Friday 8 March 2013

The Good News, and the bad news


The Good News is that Christ's work has won us all salvation - and all that we have to do is accept it.


The bad news is that even one, single, solitary unrepented sin may suffice to induce us to reject salvation.


Thanks to Christ, we are no longer slaves to sin, no longer doomed by our sins; and it is only unrepented sin that is the problem.

However, unrepented sin is fatal.


Modernity in the West has been set-up as an environment to ensure that sins are unrepented.


Only one is needed.


That sin could be a moral sin - and the sexual revolution has given us encouragement to commit a wide range of sexual sins, and - much more importantly - to deny that they are sins, to pretend that they are virtues - therefore not to repent them.

But that sin could be a sin of dishonesty - the denial of a truth, or the propagation of a lie. Only one is needed, so long as we do not repent - so long as we convince ourselves that the lie is a higher form of truthfulness.

Or a sin against beauty: an unrepented act of uglification - a mutilation not merely unrepented but advertized as pretended beauty (or truth, or virtue).


The Good News is that salvation is as easy as ever it was; but the bad news is that rejection of salvation is easier than it ever has been before in the whole of human history.



stephens said...

Recent highly centralized and overly bureaucratic systems are a temptation to habitual non-truths.

Whether you are signing up to your "Annual Performance Review", filling out your JobSeekers booklet (to prove you have been looking for work) or applying for Government funding, the temptation to lie is increasingly there.

Nowadays it is often not enough just to do a good job and get on with other staff, you have to sign to say you agree to certain "behaviours" and principles that you, in truth, may not actually agree with.

Some may, occasionally, either have to waste time applying for jobs that they have no chance of getting, or lie on their form to meet their JobSeekers agreement of X applications per week.

Others may be tempted to "bend the truth" when answering the "irrelevant questions" on their funding application.

The danger is that in trying to avoid conflict and/or rejection "little" lies may creep in and become habitual.

The modern world should yield to the truth yet it increasingly levers truth out of everyday matters.

George said...

Here is yet another way in which Hell is metaphor so correctly reflects reality!

I love when these insights appear, because attacking the existence of Hell, or seeing it as a backwards and silly belief is so prevalent.

To sin against beauty! Those who destroy beauty and truth will likewise be destroyed. Those whose lives consist of nothing but evil will after death *be nothing* that could exist in Heaven.

Whereas those who celebrate and manifest truth and beauty (and repent - or separate themselves from sin - so crucial!) are themselves participating even in this life with God. So in death they will live eternally, with God in Heaven.

Whereas those attached to sin, who can not see it as a failure or part of themselves to be "cut off and tossed aside" could not help themselves from being dragged to Hell, where sin must be purged in the flames.

Bruce Charlton said...

They wont need to be dragged to Hell - that will be their chosen habitation. (See CS Lewis's The Great Divorce)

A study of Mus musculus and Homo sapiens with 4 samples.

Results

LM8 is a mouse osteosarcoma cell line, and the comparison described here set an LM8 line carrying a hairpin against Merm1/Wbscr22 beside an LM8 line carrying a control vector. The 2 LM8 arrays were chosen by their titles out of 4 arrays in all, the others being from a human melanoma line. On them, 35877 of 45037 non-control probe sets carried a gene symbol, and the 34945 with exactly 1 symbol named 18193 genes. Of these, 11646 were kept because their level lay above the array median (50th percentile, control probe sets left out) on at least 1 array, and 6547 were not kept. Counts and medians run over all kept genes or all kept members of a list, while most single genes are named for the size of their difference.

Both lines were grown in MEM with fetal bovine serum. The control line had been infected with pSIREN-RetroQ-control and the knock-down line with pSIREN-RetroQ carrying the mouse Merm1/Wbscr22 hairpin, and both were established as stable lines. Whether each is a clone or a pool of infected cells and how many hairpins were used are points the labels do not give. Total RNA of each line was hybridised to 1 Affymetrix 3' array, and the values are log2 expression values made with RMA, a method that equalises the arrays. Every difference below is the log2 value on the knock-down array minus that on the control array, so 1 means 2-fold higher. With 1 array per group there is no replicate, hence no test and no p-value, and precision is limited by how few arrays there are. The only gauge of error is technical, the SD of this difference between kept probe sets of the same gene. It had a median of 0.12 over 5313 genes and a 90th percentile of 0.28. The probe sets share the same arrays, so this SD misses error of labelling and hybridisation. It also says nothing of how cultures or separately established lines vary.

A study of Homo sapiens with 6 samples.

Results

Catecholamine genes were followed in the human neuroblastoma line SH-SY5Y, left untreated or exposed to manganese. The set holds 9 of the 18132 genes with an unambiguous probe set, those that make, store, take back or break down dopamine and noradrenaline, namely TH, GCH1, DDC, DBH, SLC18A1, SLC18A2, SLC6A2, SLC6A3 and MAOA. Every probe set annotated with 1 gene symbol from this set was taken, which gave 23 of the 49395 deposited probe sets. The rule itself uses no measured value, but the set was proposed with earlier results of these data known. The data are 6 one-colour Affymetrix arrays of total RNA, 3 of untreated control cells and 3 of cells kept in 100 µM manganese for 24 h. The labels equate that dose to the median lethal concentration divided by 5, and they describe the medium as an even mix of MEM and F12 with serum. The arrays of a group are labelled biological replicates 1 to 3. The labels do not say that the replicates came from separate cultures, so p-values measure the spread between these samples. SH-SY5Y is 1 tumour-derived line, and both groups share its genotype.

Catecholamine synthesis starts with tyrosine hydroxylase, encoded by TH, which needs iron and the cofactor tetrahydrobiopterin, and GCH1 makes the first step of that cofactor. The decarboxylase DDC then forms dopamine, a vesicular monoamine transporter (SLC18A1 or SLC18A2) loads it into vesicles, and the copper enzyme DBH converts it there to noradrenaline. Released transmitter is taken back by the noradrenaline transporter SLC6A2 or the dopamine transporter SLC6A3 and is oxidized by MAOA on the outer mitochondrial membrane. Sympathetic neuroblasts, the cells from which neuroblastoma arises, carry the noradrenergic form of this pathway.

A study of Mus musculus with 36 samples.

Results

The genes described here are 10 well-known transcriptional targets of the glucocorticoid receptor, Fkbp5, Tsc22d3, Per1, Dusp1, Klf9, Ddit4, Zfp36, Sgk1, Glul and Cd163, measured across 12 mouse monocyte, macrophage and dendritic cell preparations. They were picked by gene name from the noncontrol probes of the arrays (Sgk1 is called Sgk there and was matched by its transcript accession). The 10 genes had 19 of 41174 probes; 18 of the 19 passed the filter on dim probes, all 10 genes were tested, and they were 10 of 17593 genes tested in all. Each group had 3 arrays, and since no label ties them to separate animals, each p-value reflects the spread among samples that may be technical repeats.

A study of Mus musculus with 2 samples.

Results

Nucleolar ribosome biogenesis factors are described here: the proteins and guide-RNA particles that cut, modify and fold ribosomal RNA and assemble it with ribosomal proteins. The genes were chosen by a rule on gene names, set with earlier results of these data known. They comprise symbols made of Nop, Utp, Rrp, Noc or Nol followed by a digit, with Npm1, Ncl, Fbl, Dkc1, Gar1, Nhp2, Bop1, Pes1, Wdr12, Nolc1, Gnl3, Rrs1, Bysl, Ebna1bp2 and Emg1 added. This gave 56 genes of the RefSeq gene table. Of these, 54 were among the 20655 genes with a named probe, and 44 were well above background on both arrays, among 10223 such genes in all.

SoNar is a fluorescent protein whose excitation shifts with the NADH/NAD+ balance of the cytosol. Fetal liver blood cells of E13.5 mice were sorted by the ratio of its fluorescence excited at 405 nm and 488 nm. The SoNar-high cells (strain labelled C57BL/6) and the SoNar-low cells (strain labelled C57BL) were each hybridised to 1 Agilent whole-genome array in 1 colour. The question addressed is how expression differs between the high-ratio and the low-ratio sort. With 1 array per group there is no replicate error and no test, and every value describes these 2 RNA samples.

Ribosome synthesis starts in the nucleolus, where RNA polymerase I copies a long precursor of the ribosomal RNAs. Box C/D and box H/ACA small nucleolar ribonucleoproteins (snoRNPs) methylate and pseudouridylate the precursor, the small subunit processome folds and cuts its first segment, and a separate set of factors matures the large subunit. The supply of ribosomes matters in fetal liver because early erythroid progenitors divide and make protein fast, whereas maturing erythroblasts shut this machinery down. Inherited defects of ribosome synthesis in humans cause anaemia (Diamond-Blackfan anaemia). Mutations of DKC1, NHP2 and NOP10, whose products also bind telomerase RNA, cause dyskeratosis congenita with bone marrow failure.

The Crow said...

The good news is that heaven awaits any who fearlessly embrace it.
The bad news is that all those who resist death, and meet it kicking and screaming, die permanently.

Jonathan C said...

Can I repent while I am sinning?

There is too much temptation to resist it all. If I fully acknowledge my sinfulness and refuse to pretend it is virtue, including and especially at the moments when I am sinning, can I be saved?

The Crow said...

Being flesh involves being fleshy, and doing things that flesh does.
The idea is to accept that being flesh, you have only so much choice in the matter.
While also knowing that being flesh is not a permanent state, and that while a human may be forced, sometimes, to eat human flesh, during the difficult course of his life, there will also come a time when such things no longer apply.
Do the flesh, yet remember your true nature. This, I feel, is the essence of repentance. To know what you are, is what is ultimately important.

Bruce Charlton said...

@Crow - that is one of the strangest of your oft strange comments!...

"those who resist death, and meet it kicking and screaming, die permanently"

I think it is probable that the human soul *cannot* die but is (in some form/state or another) eternal - at least, that has been a frequent inuition or revelation throughut human history.

And this is a much scarier thought than extinction.

George Goerlich said...

Thanks Bruce! "The Great Divorce" and "Miracles" are still on my must-read list.

Regarding the souls eternal nature, I wonder about the possibilities of the soul becoming somehow lost, or a dreamless sleep, or something akin to an insanity otherwise impacting it or affecting it in a negative away for those lead or go away from the light of God. The idea is such that the individual/alert consciousness could be temporarily or eternally lost in damnation so that it would be effectively similar to Crow's "die permanently."

Jesus also did make statements that appear to state eternal life is only available through him, and so implying something akin to a real and lasting death occurs by turning away.

The Crow said...

Well, Bruce, from where I stand, some people are infertile, and never grow a soul in the first place.
Along with those who sell theirs off before their race is run.
The Garden of Eden, to me, is each individual. It must be tended.